Brazil rejects G7 offer of €20m aid to fight Amazon fires

Brazil rejected aid from G7 countries to fight wildfires in the Amazon, with a top official telling French President Emmanuel Macron to take care of "his home and his colonies."

"We appreciate (the offer), but maybe those resources are more relevant to reforest Europe," Onyx Lorenzoni, chief of staff to President Jair Bolsonaro, told the G1 news website. Lorenzoni was referring to a €20 million pledge made at the G7 summit in France to fight the rainforest blaze.

Lorenzoni suggested to Brazil's Globo news website that "perhaps these resources are more relevant to reforesting Europe".

"Macron cannot even avoid a foreseeable fire in a church that is a world heritage site. What does he intend to teach our country?" He continued, referring to the fire in April that devastated the Notre-Dame cathedral.

The presidency later confirmed the comments to AFP.

Brazilian environment Minister Ricardo Salles had earlier told reporters they had welcomed the G7 funding to fight the fires that have swept across 950,000 hectares (2.3 million acres) and prompted the deployment of the army. But after a meeting between Bolsonaro and his ministers, the Brazilian government changed course.

"Brazil is a democratic, free nation that never had colonialist and imperialist practices, as perhaps is the objective of the Frenchman Macron," Lorenzoni said.

Tensions have risen between France and Brazil after Macron tweeted that the fires burning in the Amazon basin amounted to an international crisis and should be discussed as a top priority at the G7 summit. Bolsonaro reacted by blasting Macron for having a "colonialist mentality."

French President Emmanuel Macron said on Monday during a G7 summit in Biarritz that the group - comprising the US, Japan, Germany, France, Italy, Britain and Canada - would donate €20m to help tackle the blazes. Separately, Britain and Canada also pledged $12m and $11m in aid respectively. Macron said the funds would be made available immediately and that France would also offer military support in the region.

Brazilian officials gave no official reason for rejecting the group's offer, while it was not immediately clear if Britain and Canada's offers of aid had also been declined.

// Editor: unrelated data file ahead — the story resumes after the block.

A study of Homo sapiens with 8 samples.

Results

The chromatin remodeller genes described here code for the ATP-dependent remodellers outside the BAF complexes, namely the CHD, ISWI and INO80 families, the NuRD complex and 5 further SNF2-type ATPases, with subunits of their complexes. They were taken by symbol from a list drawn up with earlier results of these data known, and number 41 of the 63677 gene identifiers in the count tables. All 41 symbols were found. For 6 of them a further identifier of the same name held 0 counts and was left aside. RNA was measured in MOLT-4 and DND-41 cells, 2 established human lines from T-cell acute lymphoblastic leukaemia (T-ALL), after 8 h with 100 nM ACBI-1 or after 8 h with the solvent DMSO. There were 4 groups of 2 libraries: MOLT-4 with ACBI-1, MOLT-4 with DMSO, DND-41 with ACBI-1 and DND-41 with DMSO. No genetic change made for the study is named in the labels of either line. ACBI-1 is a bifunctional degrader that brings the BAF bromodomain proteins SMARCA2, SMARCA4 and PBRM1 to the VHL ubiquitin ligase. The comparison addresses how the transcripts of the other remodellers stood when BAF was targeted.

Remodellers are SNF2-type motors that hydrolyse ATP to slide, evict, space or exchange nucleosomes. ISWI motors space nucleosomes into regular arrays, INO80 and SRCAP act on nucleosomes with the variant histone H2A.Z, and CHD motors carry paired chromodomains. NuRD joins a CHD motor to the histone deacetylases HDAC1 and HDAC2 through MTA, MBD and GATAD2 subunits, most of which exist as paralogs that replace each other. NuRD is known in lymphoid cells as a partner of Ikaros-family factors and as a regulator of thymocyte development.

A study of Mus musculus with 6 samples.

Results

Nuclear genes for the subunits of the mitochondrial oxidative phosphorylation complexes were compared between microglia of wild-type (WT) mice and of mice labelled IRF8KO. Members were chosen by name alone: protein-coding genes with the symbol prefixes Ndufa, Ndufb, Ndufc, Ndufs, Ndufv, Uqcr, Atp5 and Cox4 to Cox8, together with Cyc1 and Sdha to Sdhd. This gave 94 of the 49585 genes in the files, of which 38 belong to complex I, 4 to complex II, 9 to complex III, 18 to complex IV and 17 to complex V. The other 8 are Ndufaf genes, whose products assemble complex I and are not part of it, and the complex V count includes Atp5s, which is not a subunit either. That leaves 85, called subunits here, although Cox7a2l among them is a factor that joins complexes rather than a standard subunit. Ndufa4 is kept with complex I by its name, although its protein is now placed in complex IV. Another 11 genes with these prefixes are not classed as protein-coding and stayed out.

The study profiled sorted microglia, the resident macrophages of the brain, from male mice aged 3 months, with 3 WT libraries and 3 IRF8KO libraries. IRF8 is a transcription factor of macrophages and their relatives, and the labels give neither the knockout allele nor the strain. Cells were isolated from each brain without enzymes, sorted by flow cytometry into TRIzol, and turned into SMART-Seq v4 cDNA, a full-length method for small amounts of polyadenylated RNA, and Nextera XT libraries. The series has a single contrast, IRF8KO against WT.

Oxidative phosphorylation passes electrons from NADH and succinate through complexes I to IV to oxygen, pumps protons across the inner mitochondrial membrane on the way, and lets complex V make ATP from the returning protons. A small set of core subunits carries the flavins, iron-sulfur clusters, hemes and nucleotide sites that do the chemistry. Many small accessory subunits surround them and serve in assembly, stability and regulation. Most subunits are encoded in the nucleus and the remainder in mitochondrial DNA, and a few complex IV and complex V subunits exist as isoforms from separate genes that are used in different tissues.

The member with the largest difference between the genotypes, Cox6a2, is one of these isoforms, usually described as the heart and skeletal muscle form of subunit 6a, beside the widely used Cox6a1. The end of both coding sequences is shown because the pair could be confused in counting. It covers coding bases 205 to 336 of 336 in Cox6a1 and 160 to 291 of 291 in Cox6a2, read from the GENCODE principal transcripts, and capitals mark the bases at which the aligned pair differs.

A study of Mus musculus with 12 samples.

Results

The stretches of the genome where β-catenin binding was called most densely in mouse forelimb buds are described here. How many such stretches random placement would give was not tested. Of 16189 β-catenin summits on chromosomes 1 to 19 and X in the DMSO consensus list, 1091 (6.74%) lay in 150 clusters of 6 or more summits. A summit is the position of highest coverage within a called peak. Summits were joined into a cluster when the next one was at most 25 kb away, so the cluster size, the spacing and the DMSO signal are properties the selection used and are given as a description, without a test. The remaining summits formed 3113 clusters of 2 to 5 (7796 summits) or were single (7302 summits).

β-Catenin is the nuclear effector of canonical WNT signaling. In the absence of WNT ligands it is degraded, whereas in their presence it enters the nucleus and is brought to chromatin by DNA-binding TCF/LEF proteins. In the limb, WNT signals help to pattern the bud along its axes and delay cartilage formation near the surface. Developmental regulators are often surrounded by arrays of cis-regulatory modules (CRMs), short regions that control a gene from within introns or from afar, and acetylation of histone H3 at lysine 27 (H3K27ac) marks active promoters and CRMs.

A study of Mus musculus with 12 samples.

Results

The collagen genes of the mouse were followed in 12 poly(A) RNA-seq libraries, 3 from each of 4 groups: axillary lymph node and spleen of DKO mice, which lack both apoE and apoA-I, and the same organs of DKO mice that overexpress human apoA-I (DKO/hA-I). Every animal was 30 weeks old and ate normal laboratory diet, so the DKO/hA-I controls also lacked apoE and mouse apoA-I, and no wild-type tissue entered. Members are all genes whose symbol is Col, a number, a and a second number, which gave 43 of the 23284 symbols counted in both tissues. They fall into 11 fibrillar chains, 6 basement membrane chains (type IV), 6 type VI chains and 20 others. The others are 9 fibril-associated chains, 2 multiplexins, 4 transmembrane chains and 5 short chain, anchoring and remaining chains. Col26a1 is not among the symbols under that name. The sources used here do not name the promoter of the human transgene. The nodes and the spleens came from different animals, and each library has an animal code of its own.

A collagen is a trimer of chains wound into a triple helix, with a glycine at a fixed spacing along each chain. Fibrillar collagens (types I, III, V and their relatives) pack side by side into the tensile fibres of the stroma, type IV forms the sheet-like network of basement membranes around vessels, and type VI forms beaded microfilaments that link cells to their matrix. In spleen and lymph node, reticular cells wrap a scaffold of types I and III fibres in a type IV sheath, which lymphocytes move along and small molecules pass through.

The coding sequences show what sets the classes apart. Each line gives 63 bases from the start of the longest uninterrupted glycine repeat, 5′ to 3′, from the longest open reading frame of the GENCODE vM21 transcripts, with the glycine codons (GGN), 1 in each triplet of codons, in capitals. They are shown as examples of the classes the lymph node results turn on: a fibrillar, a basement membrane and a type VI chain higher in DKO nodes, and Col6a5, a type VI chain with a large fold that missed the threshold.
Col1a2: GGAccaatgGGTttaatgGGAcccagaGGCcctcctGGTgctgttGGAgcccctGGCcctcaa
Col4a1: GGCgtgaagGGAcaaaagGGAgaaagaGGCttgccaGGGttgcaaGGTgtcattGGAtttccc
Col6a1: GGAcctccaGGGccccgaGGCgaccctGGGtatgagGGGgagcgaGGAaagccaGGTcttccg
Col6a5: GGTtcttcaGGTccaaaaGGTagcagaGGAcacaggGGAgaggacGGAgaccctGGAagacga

Amid the apparent u-turn, new data released on Monday showed that hundreds of new fires have flared up in Brazil's portion of the Amazon rainforest in recent days. Some 1,113 new fires were ignited across Saturday and Sunday, according to Brazil's National Institute for Space Research (INPE), which monitors deforestation. Despite the rise, Brazil's Defence Minister Fernando Azevedo e Silva claimed on Monday that the fires in the Amazon were "under control."

"It has been exaggerated a little that the situation was out of control - it wasn't," he said.

About 60% of the Amazon rainforest is in Brazil; the vast forest also spans parts of Bolivia, Colombia, Venezuela, Ecuador, French Guiana, Guyana, Peru and Suriname. Fires are common during Brazil's dry season, but the numbers have surged this year.

INPE has spotted more than 77,000 wildfires in Brazil since the beginning of January, a record since the institute began keeping track in 2013 and a more than 80 percent bump on the number for the same period last year.

Environmentalists and non-governmental organisations have attributed the spike in blazes to farmers setting the forest alight to clear land for pasture and to loggers razing the forest for its wood, with INPE itself ruling out natural phenomena being responsible for the surge. Critics say Bolsonaro's weakening of Brazil's environmental agency, IBAMA, and push to open up the Amazon region for more commercial activity has emboldened such actors and created a climate of impunity for those felling the forest illegally.